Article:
Co-op customers have taken to Twitter as food price inflation sees instant coffee priced over £10 and the products replaced with dummy jars to deter shoplifting.
An image shared on Twitter shows a shelf displaying a small and large-sized jar of Kenco instant coffee priced at £5.50 and £10.50 respectively, and one large jar of Nescafe instant coffee priced at £9.35.
The three jars are also completely empty with no other products lined behind them. Instead, just a sticker placed on the front of each that reads: “This product is a dummy. Not for sale. Please ask a member of staff for help.”
@laura_estah tweeted the image with an accompanying message: “Cost of living reaching new heights, my local co-op is now a grocery showroom. also ft periodic tannoy announcements from mitie security that their cameras are watching you. bleak af.”(sic)
@laura_estah followed up with: “Lots of ppl obsessing over these prices… I’d never pay a tenner for this either, but surely what’s more alarming is the sudden need for this insane securitisation, a function of rising poverty.”(sic)
The original tweet, which has so far received over 1,200 retweets and over 7,000 ‘likes’, also received hundreds of comments from other customers voicing their shock, as well as some sharing additional images of typically “inexpensive” food products that are now priced higher with security tags.
@DanielHugill tweeted: “In Brockley, SE London the instant coffee is in plastic security boxes. And we have the security announcements too.”
@Clockwisesss tweeted: “I’m just thinking if food shopping will become a 90s argos style pick from a catalogue and they send it up a conveyor belt to be collected type of thing.”
Meanwhile, @DoRayMeFarTed tweeted an image of a “specialty” Aldi cheese with a caption: “My local Aldi has been putting security stickers on their not expensive cheeses.”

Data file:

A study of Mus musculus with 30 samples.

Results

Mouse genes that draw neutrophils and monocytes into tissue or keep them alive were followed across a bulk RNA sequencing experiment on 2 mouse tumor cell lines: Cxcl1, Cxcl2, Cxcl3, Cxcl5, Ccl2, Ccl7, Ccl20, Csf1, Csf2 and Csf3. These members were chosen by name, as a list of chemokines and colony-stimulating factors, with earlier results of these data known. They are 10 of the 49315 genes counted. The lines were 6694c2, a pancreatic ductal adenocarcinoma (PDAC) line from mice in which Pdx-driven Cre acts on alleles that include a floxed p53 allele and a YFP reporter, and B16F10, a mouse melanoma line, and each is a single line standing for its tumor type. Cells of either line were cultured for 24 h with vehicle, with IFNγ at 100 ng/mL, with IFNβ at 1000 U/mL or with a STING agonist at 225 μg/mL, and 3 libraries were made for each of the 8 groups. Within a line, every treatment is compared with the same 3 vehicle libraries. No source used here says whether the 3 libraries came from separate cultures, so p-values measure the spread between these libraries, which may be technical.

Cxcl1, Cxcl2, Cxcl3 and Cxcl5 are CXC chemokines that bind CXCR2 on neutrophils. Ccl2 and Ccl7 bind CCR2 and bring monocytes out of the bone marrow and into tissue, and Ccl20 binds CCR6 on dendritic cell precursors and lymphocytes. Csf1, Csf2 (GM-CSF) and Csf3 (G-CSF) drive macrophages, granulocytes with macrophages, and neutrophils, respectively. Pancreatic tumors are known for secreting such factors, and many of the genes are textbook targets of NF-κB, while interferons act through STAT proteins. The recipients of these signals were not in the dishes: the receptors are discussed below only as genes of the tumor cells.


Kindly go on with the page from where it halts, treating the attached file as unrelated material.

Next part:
@MonsNoobis tweeted a picture of meat encased in plastic packaging with the caption: “They’re packaging steaks like they’re gold bars at the one on my street.”
Despite the fall in inflation reflected in April’s Consumer Price Index report, grocery prices have remained close to the highest rate in 45 years.
A new report from the British Retail Consortium (BRC) and NielsenIQ reveals that, while the food inflation rate has dropped from 15.7 percent to 15.4 percent in May, the rate of grocery inflation has reached a new high of nine percent.
Myron Jobson, senior personal finance analyst at interactive investor, commented: “While headline food inflation is thankfully on the wane, we are still paying higher prices than ever before at the shops.
“Shoppers are increasingly taking a stand against what they deem as unfair prices amid fears that food retailers and producers are profiteering from rising prices. We’ve already seen a large number of shoppers jumping ship to German discount retailers to lower the cost of their grocery shop.”
The UK Government is reportedly drawing up plans to cap prices on basic food items, however, this has come with its own criticisms.
The Institute of Economic Affairs (IEA)’s Julian Jessop said: “Caps on food prices are at best a pointless gimmick and, at worst, harmful to the very people they are supposed to help.
“Despite the hype about ‘greedflation’ driving up food costs, UK supermarkets work on tiny profit margins. While they might be willing to regard some basic foods as ‘loss leaders’ for positive publicity, they may also compensate for price controls by reducing quantity or quality, and by raising prices for ‘uncapped’ goods.”
Mr Jessop continued: “It is not even certain that the prices of capped goods would end up lower than if there were no cap. Supermarkets may simply price to the cap, and not cut prices further even if falling costs allowed it. Strong competition should prevent this, but it would incentivise supermarkets to cut their prices anyway, making price controls pointless.
“The Government will hope that this is enough to show that it is ‘doing something’ about food inflation. But it could just encourage calls for more intervention, including making the caps legally mandated as with the energy price cap, and extending to other sectors like housing in the form of rent controls.”